One of the first victims of Washington's new tough-on-spending culture is a historic preservation program that saved the flag that inspired "The Star-Spangled Banner" and preserved thousands of other fragile national treasures.
A pet cause of then-first lady Hillary Rodham Clinton, "Save America's Treasures" began in 1998 as a way to safeguard historical documents, films and artifacts such as the Montgomery, Ala., bus in which civil rights icon Rosa Parks refused to give up her seat for a white passenger. The program died this month, the victim of raids by lawmakers who hijacked it to fund their own pet projects.
Capitol Hill's powerful appropriations committees had taken over half of its budget to rejuvenate back-home movie theaters, old courthouses, schools and lighthouses in a process that rewards political muscle, not historical merit. President Barack Obama proposed terminating it last month and Congress obliged five weeks later.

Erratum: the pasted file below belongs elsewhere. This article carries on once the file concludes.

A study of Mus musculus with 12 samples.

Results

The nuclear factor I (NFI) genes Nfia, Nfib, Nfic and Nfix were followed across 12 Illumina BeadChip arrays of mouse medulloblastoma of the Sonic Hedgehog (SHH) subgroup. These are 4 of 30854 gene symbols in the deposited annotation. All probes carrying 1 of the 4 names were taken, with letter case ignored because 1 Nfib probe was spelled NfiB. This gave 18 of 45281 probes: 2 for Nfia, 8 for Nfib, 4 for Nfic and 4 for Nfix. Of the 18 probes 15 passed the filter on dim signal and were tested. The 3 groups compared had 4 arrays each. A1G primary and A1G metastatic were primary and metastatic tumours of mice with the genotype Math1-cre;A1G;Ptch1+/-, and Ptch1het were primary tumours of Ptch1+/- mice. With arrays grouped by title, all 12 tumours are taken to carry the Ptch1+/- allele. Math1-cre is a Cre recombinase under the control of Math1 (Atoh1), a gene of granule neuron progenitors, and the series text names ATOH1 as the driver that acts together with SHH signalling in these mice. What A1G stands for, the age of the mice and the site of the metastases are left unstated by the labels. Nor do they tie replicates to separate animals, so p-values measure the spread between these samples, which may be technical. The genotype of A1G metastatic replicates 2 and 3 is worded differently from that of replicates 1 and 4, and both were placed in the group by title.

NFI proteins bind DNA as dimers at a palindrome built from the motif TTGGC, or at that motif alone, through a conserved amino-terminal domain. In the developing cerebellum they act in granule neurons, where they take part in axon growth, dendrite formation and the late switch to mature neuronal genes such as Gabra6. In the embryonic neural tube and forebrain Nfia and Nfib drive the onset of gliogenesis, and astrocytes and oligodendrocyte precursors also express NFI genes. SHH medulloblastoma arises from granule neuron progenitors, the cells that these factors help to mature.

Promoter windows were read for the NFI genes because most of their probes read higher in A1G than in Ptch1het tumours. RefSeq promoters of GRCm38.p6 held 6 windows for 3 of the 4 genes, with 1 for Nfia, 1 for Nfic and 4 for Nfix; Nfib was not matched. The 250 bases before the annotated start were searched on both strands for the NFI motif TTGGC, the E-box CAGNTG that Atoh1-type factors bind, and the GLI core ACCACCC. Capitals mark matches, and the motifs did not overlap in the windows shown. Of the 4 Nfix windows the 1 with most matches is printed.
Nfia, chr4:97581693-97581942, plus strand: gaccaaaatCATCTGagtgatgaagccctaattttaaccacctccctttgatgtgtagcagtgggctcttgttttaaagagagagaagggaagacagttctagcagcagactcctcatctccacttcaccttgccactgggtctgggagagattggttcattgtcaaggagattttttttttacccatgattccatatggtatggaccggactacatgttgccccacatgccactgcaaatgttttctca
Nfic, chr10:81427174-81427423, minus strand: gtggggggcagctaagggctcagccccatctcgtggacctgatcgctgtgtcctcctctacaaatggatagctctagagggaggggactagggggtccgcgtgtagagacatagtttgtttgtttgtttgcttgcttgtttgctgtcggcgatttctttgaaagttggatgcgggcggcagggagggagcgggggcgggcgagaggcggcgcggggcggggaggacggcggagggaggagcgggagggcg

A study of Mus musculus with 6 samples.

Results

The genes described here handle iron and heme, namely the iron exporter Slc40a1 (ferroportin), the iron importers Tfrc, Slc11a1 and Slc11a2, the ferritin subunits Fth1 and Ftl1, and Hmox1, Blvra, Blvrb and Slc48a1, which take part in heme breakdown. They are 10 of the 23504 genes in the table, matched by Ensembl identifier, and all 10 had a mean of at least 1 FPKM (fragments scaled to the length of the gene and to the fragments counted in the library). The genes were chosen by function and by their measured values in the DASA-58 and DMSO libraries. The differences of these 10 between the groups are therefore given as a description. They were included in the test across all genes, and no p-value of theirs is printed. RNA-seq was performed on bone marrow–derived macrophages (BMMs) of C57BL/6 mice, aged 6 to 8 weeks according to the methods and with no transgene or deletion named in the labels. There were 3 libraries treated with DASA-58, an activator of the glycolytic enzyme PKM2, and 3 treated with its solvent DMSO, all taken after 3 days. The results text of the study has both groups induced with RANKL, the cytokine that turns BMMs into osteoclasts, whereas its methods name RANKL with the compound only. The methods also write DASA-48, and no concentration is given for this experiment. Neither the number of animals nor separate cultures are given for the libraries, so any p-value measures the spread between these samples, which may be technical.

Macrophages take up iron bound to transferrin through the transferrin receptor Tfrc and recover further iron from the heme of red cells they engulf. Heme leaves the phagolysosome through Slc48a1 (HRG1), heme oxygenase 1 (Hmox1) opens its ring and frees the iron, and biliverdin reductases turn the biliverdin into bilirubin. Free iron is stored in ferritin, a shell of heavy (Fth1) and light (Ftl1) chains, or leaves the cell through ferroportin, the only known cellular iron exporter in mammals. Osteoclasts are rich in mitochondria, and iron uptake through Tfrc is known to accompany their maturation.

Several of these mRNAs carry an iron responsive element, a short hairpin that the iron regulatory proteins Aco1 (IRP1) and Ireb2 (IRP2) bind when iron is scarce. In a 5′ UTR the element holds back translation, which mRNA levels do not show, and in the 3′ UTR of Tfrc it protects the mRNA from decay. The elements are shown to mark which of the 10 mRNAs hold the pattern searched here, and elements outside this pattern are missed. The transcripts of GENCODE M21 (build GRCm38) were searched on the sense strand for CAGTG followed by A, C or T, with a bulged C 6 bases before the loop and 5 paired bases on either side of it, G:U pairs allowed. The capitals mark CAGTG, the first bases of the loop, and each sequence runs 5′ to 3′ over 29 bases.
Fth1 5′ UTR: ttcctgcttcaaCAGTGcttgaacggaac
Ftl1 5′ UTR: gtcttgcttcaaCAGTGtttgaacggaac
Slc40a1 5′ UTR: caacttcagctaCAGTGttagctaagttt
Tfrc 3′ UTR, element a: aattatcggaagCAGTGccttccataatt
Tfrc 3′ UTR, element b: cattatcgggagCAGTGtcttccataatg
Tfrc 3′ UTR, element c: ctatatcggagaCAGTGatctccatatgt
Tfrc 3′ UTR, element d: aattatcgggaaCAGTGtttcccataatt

"While there have been many high-quality projects, at least half of ... projects are annually earmarked by Congress," the White House complained in Obama's budget proposal for next year.
GOP Sens. Sam Brownback and Pat Roberts of Kansas, for instance, won $500,000 in 2009 to help restore an old theatre as a way to help revitalize downtown Pittsburg, Kan. That same year, Michigan Democratic Sens. Debbie Stabenow and Carl Levin obtained $100,000 to replace a sea wall to protect a lighthouse on Lake Michigan. And Rep. Jim Clyburn, D-S.C., obtained $171,000 to help restore a county courthouse.